In Brief

When Martha Clifford's accusation in Circe prompts a constable to sternly command Bloom, "Come to the station," Bloom fearfully takes a step back and, "plucking at his heart and lifting his right forearm on the square, he gives the sign and dueguard of fellowcraft." These actions, and his reply to the policeman––"No, no, worshipful master, light of love"––indicate his familiarity with the rituals of Freemasonry. But appealing to a policeman's sense of Masonic brotherhood seems wildly inappropriate, and Joyce seems to be pointing out the absurdity with the phrases "worshipful master" and "light of love," both of which echo elements of Shakespeare's Much Ado about Nothing that do not paint Bloom in a good light.

Read More

Freemasonry has three tiers ("degrees") of membership: Entered Apprentice, Fellowcraft, and Master Mason. Bloom seems to be speaking from the second of these levels, "fellowcraft," and addressing the constable, "worshipful master," as his superior. In addition to indicating an initiate's progress in the symbolilc mysteries of the order, "Master" is the title of the highest-ranking official in a local organization, the Master of the Lodge. In many lodges this officer is addressed as Worshipful Master.

The "square" is one of the two primary symbols of Freemasonry, along with the compass, and it figures in many masonic rituals. The image shown here of a man being raised to the degree of Fellowcraft, for example, has the accompanying text: "Kneeling on my naked right knee, my left forming a square; my right hand on the Holy Bible, square, and compasses, my left arm forming an angle, supported by the square, and my hand in a vertical position." Bloom makes a slightly different kind of square when he "gives the sign and dueguard of fellowcraft." Sign and due guard are masonic terms for bodily gestures signifying that the member will faithfully perform and duly guard the mysteries of the order. One of these involves a square. In the other, the member acknowledges that he is subject to penalties if he divulges the order's secrets, by drawing a hand violently across his chest or throat.

Slote quotes from Avery Allyn's A Ritual of Freemasonry (1831) a formula for these two actions that is remarkably close to Bloom's: "The sign is given by taking hold of the left breast, with the right hand, as though you intended to tear a piece out of it, then draw your hand with the fingers partly clenched, from the left to the right side, with some quickness, and dropping it down to your side. The due-guard is given by raising the left arm until that part of it between the elbow and shoulder is perfectly horizontal; and raising the rest of the arm in a vertical position, so that part of the arm below the elbow, and that part above it forms a square. This is the due-guard. The two are always given together by Masons, and are called the sign and due-guard of a fellow craft: they would not be recognized by a Mason, if given separately." Both Gifford and Slote note that in performing these actions Bloom is giving one of a Freemason's "signs of distress," asking fellow members for assistance and protection.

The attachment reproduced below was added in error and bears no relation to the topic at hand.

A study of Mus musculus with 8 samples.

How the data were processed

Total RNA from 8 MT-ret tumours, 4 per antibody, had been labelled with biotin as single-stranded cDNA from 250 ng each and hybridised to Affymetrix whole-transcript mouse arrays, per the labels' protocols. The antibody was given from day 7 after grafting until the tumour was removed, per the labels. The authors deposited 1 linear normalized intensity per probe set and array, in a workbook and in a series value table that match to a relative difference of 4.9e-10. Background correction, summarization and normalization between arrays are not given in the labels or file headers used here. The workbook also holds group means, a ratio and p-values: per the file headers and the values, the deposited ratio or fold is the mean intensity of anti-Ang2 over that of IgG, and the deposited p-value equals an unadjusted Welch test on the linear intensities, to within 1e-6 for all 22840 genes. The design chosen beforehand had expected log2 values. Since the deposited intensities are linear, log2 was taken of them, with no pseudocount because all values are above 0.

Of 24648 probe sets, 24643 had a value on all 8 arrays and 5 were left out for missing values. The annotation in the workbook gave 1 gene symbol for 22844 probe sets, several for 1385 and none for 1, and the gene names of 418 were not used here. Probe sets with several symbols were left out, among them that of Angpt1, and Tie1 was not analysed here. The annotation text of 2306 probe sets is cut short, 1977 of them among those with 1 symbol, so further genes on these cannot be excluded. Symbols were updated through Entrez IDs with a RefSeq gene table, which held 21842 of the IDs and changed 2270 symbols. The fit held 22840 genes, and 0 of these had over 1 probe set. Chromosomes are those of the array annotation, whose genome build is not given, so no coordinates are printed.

In context, then, Bloom seems to be appealing to the constable as a fellow Mason and asking for his assistance––a fantastical and pathetically ineffective plea. The Freemasons are a non-sectarian order who admit members from different faiths, but in Ireland in 1904 their members came mostly from the Anglo-Irish ruling class and the Catholic church viewed them as a Protestant (and, to a degree, Jewish) organization that was more dangerous than atheism. Gifford correctly observes that "in all probability the constables of the Dublin Metropolitan Police would be 'good Catholics', suspicious and fearful of Freemasonry as some ultimate force of atheism and subversion."

Drawing on several sources, Slote observes that Bloom's declaration to the constable, "light of love," had a clear Masonic meaning in 1904, having been "proverbial in Dublin lodges since the eighteenth century." It expressed the belief that Freemasonry "carried always the light of love and universal tolerance to all Mankind." But this phrase also is a name for sexual licentiousness in Shakespeare's Much Ado––a fact which threatens to undercut Bloom's claim to be guiltless of the charges laid against him by Martha Clifford. Additionally working to undermine his plea is the fact that both "worship" and "master" are sycophantish terms of address regularly used in that play by Dogberry, a moronic constable. In an amazing feat of verbal dexterity, Joyce manages to make both halves of this sentence ("No, no, worshipful master, light of love") simultaneously proclaim masonic purity and confess sexual immorality. The effect is reminiscent of Dogberry, who regularly manages to say the opposite of what he means.

John Hunt 2023

Candidate taking the oath of a Fellow Craft, in Malcolm Duncan's Masonic Ritual and Monitor. Source: www.phoenixmasonry.org.

2023 photograph of Rob Phillips, the Worshipful Master of the Lodge of Dawn in Leeds, England. Source: www.thelodgeofdawn.co.uk.